Malaysia's tin mining sector can thrive again now that tin
prices have stabilised above $20,000 per tonne, Dato Haji Musa
Bin Haji Nordin, executive chairman of tin miner Kuari Batu
Emas, told Metal Bulletin.
Kuari Batu Emas produces 2,000-2,200 tpy of tin that it sells
entirely to Malaysian Smelting Corp, the world's second-largest
"In the 1970s, Malaysia was the largest tin producer in the
world. But in the 1980s, tin prices collapsed, resulting in
people quickly abandoning the sector. So it was not because tin
resources were running out" Musa told MB at the ITRI
International Tin Conference in Cape Town.
"There are still rich tin resources yet to be exploited in
Malaysia. Given the tin prices above $20,000 today, we can see
people are looking into developing these tin mines again," he
If tin prices can continue to rise to between $25,000 and
$30,000 per tonne, people will have the motivation to develop
the tin industry in Malaysia, making tin a main commodity for
the country again, Musa said.
Prices justified by costs
As a producer, Kuari Batu Emas wants tin prices to be
as high as possible. But the company also needs to see at what
prices, end users are willing to buy, Musa noted.
"I think tin prices of $25,000-30,000 per tonne are
reasonable," he said.
The high tin prices are justified by the high costs of mining,
"Today, we are talking about sustainable mining and mining
rehabilitation. Mining companies need to take these costs into
account when pricing tin," he said, adding that increased fuel
and labour costs have also contributed to higher production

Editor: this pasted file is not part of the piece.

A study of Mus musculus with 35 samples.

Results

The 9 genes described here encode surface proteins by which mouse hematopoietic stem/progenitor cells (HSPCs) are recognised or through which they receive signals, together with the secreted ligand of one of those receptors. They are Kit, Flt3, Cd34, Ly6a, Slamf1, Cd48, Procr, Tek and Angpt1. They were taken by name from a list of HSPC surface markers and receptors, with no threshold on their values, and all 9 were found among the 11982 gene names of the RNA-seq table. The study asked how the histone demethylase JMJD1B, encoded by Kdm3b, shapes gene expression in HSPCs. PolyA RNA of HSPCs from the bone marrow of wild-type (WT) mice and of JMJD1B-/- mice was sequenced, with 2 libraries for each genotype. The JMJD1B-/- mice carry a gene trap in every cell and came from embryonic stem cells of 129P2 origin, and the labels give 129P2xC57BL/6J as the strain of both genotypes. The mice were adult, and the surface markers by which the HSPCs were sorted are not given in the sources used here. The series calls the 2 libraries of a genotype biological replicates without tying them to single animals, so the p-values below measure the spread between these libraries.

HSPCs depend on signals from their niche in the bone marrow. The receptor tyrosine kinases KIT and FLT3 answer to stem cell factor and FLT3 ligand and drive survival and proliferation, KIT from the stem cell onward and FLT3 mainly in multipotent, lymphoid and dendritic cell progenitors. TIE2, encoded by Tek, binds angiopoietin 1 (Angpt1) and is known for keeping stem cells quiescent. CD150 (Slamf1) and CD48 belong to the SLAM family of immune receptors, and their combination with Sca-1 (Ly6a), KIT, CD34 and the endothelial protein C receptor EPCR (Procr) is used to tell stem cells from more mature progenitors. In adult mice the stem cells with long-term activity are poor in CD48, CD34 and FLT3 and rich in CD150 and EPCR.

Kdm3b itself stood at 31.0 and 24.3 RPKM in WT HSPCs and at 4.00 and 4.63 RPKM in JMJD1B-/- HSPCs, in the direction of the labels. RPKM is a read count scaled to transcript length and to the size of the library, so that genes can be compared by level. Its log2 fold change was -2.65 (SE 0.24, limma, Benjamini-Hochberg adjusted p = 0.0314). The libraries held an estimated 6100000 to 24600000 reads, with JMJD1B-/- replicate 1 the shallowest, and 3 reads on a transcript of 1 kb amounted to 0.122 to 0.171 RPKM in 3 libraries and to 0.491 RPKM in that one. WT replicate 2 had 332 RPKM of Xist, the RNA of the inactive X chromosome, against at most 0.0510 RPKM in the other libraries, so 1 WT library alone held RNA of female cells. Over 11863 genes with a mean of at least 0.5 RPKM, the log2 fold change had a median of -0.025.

Tin prices to rise
At the same time, Musa is confident that global
demand will also boost prices.
"Tin usage is even greater today than in the olden days. All
the food cans are using tin now. People are switching from
aluminium as the main material to make cans to tin, because
aluminium has been proven to be dangerous to health," he said.
Tin demand also comes from the growth of tin solder and
electronics sectors, Musa added.
Opening of new mines
High tin prices have slowly made people look into
opening tin mines in Malaysia.
Last year, a 30-year mining concession was awarded to
Malaysia's own Rahman Hydraulic Tin for prospecting tin ore and
other minerals in a newly identified 14,000ha at Pengkalen Hulu
A 10-year mining lease was also awarded to HWG Tin Mining Sdn
Bhd, a unit of Ho Wah Genting Bhd in 2008 to mine tin and other
minerals on 500 acres in Pengkalan Hulu, with a potential for a
further 500 acres as work on the initial area progresses.
Previously, mining was perceived as damaging to the
environment, hence the reluctance of many state governments to
issue new mining licence to potential operators, Malaysian
paper The Star reported.
Today, to ensure efficient and effective implementation of tin
or other mineral mining operations, state governments keen to
open up mining areas must strictly adhere to the newly revised
Second National Mineral Policy (NMP) which was launched last
year, as well as the State Mineral Enactment.
NMP aims for an optimum exploration, extraction and utilisation
of resources using modern technology as well as research and
development with strong emphasis on the environment.
Largest tin producer in 1970s
Tin mining started in Malaysia as early as the 1820s.
By 1883, Malaysia had become the largest tin producer in the
world. By the end of the 19th century, it was supplying about
55% of the world's tin.
Malaysia's highest output was in 1979, when it produced almost
63,000 tonnes, accounting for 31% of the world output.
Rich tin mining areas stretched from Kedah state into the Kinta
Valley and along the foothills of Perak, Selangor and Johore
states. This part of the tin belt includes the capital of
Malaysia, Kuala Lumpur, which is the centre of another rich
The collapse of tin prices from $15,000 per tonne in the 1970s
to just above $5,000 per tonne in the mid-1980s resulted in the
closure of many mines in Malaysia.
At the same time, new lower cost mines were developed in Brazil
and Indonesia, causing the Malaysian output to decline greatly.
Today, Malaysia's tin reserves are estimated at 350 billion
ringgit ($114 billion) or about one million tonnes.